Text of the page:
The opinion of the court was delivered by: C. Clifford Shirley, Jr. United States Magistrate Judge
All pretrial motions in this case have been referred to the undersigned pursuant to 28 U.S.C. § 636(b) for disposition or report and recommendation regarding disposition by the District Court as may be appropriate. This matter came before the Court on April 21, 2008 for further proceedings, including an Arraignment of Defendants Brett Edward Dirr and Renee Dirr. Defendants appeared before this Court on April 14, 2008 for an Initial Appearance. On April 14, 2008, the Court postponed Defendants' Arraignment to allow for Defendants to retain counsel, if they so desired. On April 21, 2008, all parties appeared before the Court as scheduled. Assistant United States Attorney Charles Atchley, Jr. ("AUSA Atchley") appeared on behalf of the government. Defendants Brett Dirr and Renee Dirr appeared on behalf of themselves.
At their Arraignment, the Dirrs advised the Court they wished to proceed pro se and were waiving their right to counsel. The government stated that while it recognizes the Dirrs have the right to proceed pro se, it was concerned with their lack of knowledge of courtroom decorum and the Federal Rules of Criminal Procedure and Evidence, as demonstrated during the Arraignment.
The Supreme Court has held that a criminal defendant has a constitutionally protected right to present his own defense in addition to a constitutionally protected right to be represented by counsel. Faretta v. California, 422 U.S. 806, 833-34 (1975). By electing to exercise his constitutional right to present his own defense, a defendant necessarily waives his constitutional right to be represented by counsel. United States v. Mosley, 810 F.2d 93, 97 (6th Cir. 1987) ("The right to defend pro se and the right to counsel have been aptly described as 'two faces of the same coin,' in that waiver of one right constitutes a correlative assertion of the other.") (internal quotation omitted). Defendants' waiver of counsel must be knowing and voluntary. Faretta, 422 U.S. at 835. The Sixth Circuit has adopted a series of questions from 1 Bench Book for United States District Judges 1.02-2 to -5 (3d ed. 1986) that a district court should ask in order to ensure that a defendant's waiver of counsel is knowing and intelligent. See United States v. McDowell, 814 F.2d 245, 247-50 (6th Cir. 1987). Substantial compliance with this series of questions is sufficient. United States v. Miller, 910 F.2d 1321, 1324 (6th Cir. 1990).
In order to fulfill its responsibilities under Faretta, the Court then conducted an inquiry with both Mr. Dirr and Ms. Dirr to determine if they were making a knowing and intelligent waiver of their right to counsel. Both Mr. and Ms. Dirr confirmed their wish to represent themselves. The Court explained to them that although their case would be tried together, they would each be responsible for their own representation. The Court confirmed Ms. Dirr understood she is not permitted to assist her husband in his representation nor is she allowed to receive assistance from her husband in her self-representation. Mr. Dirr also agreed that he understood he is not able to assist his wife nor receive assistance from his wife in his self-representation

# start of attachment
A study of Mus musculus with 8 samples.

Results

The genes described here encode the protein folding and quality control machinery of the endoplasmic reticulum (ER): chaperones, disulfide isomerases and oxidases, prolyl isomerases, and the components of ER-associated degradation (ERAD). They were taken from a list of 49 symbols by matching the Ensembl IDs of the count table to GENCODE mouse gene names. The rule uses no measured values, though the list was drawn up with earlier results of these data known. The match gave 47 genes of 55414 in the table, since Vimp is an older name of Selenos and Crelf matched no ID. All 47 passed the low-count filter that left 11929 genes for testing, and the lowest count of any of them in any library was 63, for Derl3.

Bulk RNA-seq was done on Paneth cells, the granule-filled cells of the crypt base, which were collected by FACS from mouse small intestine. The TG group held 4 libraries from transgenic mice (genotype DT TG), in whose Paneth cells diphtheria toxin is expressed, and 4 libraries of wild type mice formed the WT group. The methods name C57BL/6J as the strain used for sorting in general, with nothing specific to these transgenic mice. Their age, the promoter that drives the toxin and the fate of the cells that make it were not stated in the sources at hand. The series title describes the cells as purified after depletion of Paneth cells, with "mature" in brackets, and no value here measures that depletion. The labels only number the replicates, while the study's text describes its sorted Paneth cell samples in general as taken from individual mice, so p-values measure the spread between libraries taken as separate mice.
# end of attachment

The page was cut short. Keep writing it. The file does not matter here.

The Court then asked whether either of the Dirrs had ever studied law. The Dirrs both responded that they have not formally studied law or attended law school, but Ms. Dirr informed the Court she has represented herself in a child custody proceeding. The Court then reviewed the indictment with the Dirrs and described each count. After each count, Mr. and Ms. Dirr stated they understood the charges contained therein and understood the penalties they face if convicted of the crimes charged. Mr. Dirr also stated he understands that if convicted of multiple counts in the indictment, he could be sentenced to consecutive sentences. The Dirrs further stated that they understood that if they represent themselves, neither this Court nor the District Court can offer any assistance or advise to them on how to proceed in trying their case. The Dirrs stated they are not familiar with the Federal Rules of Criminal Procedure nor the Federal Rules of Evidence. The Court explained to the Dirrs these rules govern the way a criminal case is tried in federal court and will govern what evidence is introduced and admitted during their trial and that they will be required to abide by them. The Court then told the Dirrs that it is the Court's opinion that a trained lawyer would do a far better job of representing them than they will do for themselves. The Court advised the Dirrs, that in its opinion, they do not know as much about trying a federal criminal trial as they may believe they do, and that for the most part, defendants who proceeds pro se fare far worse than defendants who retain counsel. The Court strongly urged the Dirrs not to represent themselves in this case, but the Dirrs informed the Court that despite its advise, the penalties they face if convicted, and the difficulties they may encounter if they proceed pro se, they nonetheless desire to represent themselves. The Dirrs stated their decision to waive their right to counsel is made knowingly and voluntarily.
At the conclusion of the colloquy between the Court and the Dirrs, the Court found the Dirrs have knowingly and voluntarily waived their right to counsel. See Miller, 910 F.2d at 1324; McDowell, 814 F.2d at 247-50. Accordingly, the Dirrs are permitted to represent themselves and proceed pro se through the conclusion of this case.